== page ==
Tuesday, October 15, 2013
Movie Review: Machete Kills (2013)
Now, time for some backstory. Back in 2007, I was lucky enough to see Grindhouse while it was still in theaters. While it wasn't a box office success, I loved every moment of it and hope that we can finally get a sequel to it someday (a man can dream, can't he?).
I remember seeing the fake Machete trailer before Planet Terror and wishing that it was a real film. Thankfully, the movie gods heard my wish and Robert Rodriguez turned the trailer into one of my favorite films of 2010. Machete was a loving homage to the exploitation films of the 1970's, embracing the goofiness that made those films enjoyable, but remembered to infuse just the right amount of heart and soul that made the best of those films memorable. So, it should be obvious that I was rather excited for this sequel, hoping that it would be just as fun as the first. Unfortunately, Machete Kills left me with very mixed emotions.
Like the first film, the acting is solid. Danny Trejo continues to be as bad-ass as before, showing the world why he deserves to be the star of his own action franchise. That grizzled appearance and "man of few words" personality really sells the tough nature of the character and makes you believe he'd be able to cause so much carnage and mayhem. The rest of the ensemble cast do decent jobs as well, with Demian Bichir as Mendez the crazy revolutionary with multiple personalities, Michelle Rodriguez as the one-eyed ass-kicker Luz, and Mel Gibson as the psychic arms dealer Voz being the obvious stand-outs.
Machete Kills also manages to take the insane level of violence from the first film and crank it up to 11. While the first film had its crazy moments, it was still grounded within some sense of reality. Machete Kills, however, leaves that grounded reality behind embraces the violent insanity. This is a movie where our main character uses a gun that turns people inside out and kills an enemy by cutting out his intestines and hurling them into a helicopter's blades, causing the man to be ripped up and chopped into pieces. There is just something morbidly hilarious about that and if you can accept that, you will find yourself laughing and smiling at the gleeful levels of violence.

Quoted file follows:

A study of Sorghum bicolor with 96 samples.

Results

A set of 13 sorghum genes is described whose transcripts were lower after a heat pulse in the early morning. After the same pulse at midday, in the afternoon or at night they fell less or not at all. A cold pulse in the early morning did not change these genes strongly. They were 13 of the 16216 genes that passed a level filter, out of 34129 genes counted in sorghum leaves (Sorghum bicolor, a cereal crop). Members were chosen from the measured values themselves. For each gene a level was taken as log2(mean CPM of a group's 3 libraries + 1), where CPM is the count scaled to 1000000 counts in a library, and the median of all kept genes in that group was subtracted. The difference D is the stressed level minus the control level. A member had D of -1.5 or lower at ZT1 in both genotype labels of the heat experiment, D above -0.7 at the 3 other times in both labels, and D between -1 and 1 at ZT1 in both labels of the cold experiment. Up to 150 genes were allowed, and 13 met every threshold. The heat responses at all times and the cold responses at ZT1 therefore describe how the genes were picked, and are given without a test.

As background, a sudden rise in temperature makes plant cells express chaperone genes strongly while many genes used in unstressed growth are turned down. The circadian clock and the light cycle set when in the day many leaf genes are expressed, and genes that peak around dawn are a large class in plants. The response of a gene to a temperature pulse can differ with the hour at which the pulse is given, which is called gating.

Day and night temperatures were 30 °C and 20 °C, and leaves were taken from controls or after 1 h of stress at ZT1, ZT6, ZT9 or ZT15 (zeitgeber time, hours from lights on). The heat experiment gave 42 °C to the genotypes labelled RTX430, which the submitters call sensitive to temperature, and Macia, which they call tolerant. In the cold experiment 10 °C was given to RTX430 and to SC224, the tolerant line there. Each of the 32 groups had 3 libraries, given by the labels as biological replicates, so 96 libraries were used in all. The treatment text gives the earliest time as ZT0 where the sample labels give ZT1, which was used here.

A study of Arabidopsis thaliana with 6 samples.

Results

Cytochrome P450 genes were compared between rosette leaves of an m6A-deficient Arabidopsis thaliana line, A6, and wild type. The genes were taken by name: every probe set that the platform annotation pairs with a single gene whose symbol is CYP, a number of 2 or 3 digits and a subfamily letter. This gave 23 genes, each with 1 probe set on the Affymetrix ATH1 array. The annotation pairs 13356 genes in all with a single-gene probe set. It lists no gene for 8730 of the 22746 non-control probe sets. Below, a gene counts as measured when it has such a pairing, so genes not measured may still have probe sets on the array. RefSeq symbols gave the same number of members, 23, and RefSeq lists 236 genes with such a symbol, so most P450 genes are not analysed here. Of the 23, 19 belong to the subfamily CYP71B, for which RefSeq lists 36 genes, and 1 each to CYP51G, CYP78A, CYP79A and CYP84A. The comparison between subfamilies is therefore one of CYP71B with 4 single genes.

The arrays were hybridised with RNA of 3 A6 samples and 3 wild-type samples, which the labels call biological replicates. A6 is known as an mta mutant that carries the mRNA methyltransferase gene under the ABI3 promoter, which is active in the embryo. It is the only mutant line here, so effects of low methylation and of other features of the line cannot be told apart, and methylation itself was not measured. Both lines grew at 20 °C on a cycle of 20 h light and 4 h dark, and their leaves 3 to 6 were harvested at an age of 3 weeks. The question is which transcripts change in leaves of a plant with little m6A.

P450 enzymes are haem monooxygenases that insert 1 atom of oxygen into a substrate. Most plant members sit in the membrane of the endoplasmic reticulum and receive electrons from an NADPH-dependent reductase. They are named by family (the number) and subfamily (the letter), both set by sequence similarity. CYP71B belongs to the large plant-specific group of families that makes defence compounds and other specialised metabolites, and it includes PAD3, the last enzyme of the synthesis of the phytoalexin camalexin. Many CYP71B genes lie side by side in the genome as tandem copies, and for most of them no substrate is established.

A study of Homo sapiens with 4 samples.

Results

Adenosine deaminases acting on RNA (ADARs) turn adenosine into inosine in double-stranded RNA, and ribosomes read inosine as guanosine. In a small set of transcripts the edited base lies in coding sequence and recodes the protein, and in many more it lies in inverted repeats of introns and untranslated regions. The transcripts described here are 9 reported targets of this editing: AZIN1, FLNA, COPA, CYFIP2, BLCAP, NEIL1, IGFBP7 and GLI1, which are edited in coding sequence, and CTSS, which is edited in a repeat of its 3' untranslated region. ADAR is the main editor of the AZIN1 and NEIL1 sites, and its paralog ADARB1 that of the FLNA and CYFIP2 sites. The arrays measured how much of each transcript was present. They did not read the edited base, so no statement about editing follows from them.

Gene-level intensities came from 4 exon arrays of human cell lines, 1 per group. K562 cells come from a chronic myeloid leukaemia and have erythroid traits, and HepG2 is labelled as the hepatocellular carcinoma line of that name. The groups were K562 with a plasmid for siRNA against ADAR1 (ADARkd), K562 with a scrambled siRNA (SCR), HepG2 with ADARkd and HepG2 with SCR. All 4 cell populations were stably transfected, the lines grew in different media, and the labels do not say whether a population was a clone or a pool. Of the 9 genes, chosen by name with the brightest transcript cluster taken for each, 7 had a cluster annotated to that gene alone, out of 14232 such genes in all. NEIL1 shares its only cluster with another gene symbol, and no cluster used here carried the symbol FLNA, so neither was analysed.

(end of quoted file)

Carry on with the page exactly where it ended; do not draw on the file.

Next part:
Unfortunately, Machete Kills has two major problems that keep it from being a great film. The first film, for the most part, was a rather simple revenge story. Machete is hired to perform a job, but is betrayed and left for dead. Afterwords, he decided to track down those who were responsible and take out his vengeance on them. While there are a few additional elements and subplots to the story, the basic plot is rather straight-forward and structurally-sound. Machete Kills, on the other hand, seems like its trying so hard to be so many different things at once. It wants to be a 1980's action film, but it also wants to be a cheesy sci-fi film as well, with a good dose of Mad Max and Escape From New York in the middle. Because its trying to do a lot of things, Machete Kills stretches itself a little thin and the movie's structure suffers for it.
Secondly, Machete Kills' special effects are atrocious. The majority of the CGI effects look like something a 13-year old would create on Adobe After Effects instead of a movie with a $20 million dollar budget and a seasoned director at the helm. When the first film had some amazing practical effects and you have one of the best special effect artists in your movie (Tom Savini), its rather depressing to see such horrible CGI.
Machete Kills is a rather mixed bag. While the acting is solid and the action enjoyably over-the-top, the film isn't as well-structured as the original and the god awful effects weaken the film. If you can get past that terrible CGI and accept the film for what it is (a loud, insanely violent action film that tells reality to fuck off), you will find a lot to love about Machete Kills.